AACR II: Race-Based Survival Differences in Patients With AML Living in Texas
Posted: Thursday, June 25, 2020
Hispanic patients with acute myeloid leukemia (AML) who are living along the United States/Mexico border in El Paso, Texas, seem to have a worse overall survival compared with Hispanic patients with AML diagnosed in other parts of Texas, according to a retrospective analysis presented at the American Association for Cancer Research Virtual Annual Meeting II (Abstract 4343/7). In addition, these study findings from the Texas Cancer Registry for hematologic malignancies showed a surprisingly better overall survival in Hispanic patients with AML, myelodysplastic syndromes, and chronic myeloid leukemia (CML) compared with non-Hispanic white patients.
“Hispanic individuals living at the border tend to be poorer, are more likely to lack health insurance, and many could be undocumented,” explained lead study author Alfonso Bencomo-Alvarez, PhD, of Texas Tech University Health Sciences Center, El Paso, in an AACR press release. “These factors could discourage individuals from visiting a physician and may therefore affect health outcomes in those residing at the border.”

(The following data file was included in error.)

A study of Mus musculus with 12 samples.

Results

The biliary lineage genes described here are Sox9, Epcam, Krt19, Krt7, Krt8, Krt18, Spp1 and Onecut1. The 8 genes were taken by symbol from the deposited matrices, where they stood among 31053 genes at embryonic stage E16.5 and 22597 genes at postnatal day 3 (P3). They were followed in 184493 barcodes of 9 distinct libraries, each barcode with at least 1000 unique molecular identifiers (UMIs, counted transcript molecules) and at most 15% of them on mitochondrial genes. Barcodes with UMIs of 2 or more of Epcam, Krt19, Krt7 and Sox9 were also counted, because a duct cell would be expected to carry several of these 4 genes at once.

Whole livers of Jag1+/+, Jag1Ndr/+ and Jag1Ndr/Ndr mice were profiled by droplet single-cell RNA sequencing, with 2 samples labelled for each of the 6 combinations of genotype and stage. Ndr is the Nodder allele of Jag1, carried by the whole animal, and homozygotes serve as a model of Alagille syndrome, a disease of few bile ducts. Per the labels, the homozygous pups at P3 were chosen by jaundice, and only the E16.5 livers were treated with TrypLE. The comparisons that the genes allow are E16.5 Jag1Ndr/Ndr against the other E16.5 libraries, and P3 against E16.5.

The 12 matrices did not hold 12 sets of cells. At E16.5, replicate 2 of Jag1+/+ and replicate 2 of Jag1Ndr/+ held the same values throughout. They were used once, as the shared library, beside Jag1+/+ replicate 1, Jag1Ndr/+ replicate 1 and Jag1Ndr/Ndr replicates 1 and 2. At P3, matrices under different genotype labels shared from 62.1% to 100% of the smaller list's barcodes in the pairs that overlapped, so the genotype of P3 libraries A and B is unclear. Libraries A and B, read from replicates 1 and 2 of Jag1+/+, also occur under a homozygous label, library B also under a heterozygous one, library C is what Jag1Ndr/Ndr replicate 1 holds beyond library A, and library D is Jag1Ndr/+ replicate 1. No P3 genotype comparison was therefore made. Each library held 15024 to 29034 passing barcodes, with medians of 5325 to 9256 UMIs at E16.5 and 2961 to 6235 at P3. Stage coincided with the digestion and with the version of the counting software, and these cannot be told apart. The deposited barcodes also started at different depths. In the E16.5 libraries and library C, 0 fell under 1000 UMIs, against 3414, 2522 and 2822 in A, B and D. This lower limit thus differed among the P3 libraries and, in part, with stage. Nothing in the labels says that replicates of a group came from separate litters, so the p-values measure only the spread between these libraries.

From 1995 to 2016, data on 69,941 Hispanic and non-Hispanic white patients with hematologic malignancies were collected from the Texas Cancer Registry. To understand how living near the United States/Mexico border might impact survival, the investigators focused on 1,160 Hispanic patients residing in El Paso, Texas, and 9,662 Hispanic patients living in other parts of the state.
The investigators reported that Hispanic patients were younger at the time of diagnosis compared with non-Hispanic white patients. In addition, Hispanic patients with AML living near the United States/Mexico border had significantly lower 10-year survival rates than patients living in other areas of the state (13% vs. 22%). Worse 10-year survival rates were also seen in Hispanic patients with acute lymphoblastic leukemia and CML living in El Paso than in patients living elsewhere in Texas.
Disclosure: The study authors reported no conflicts of interest.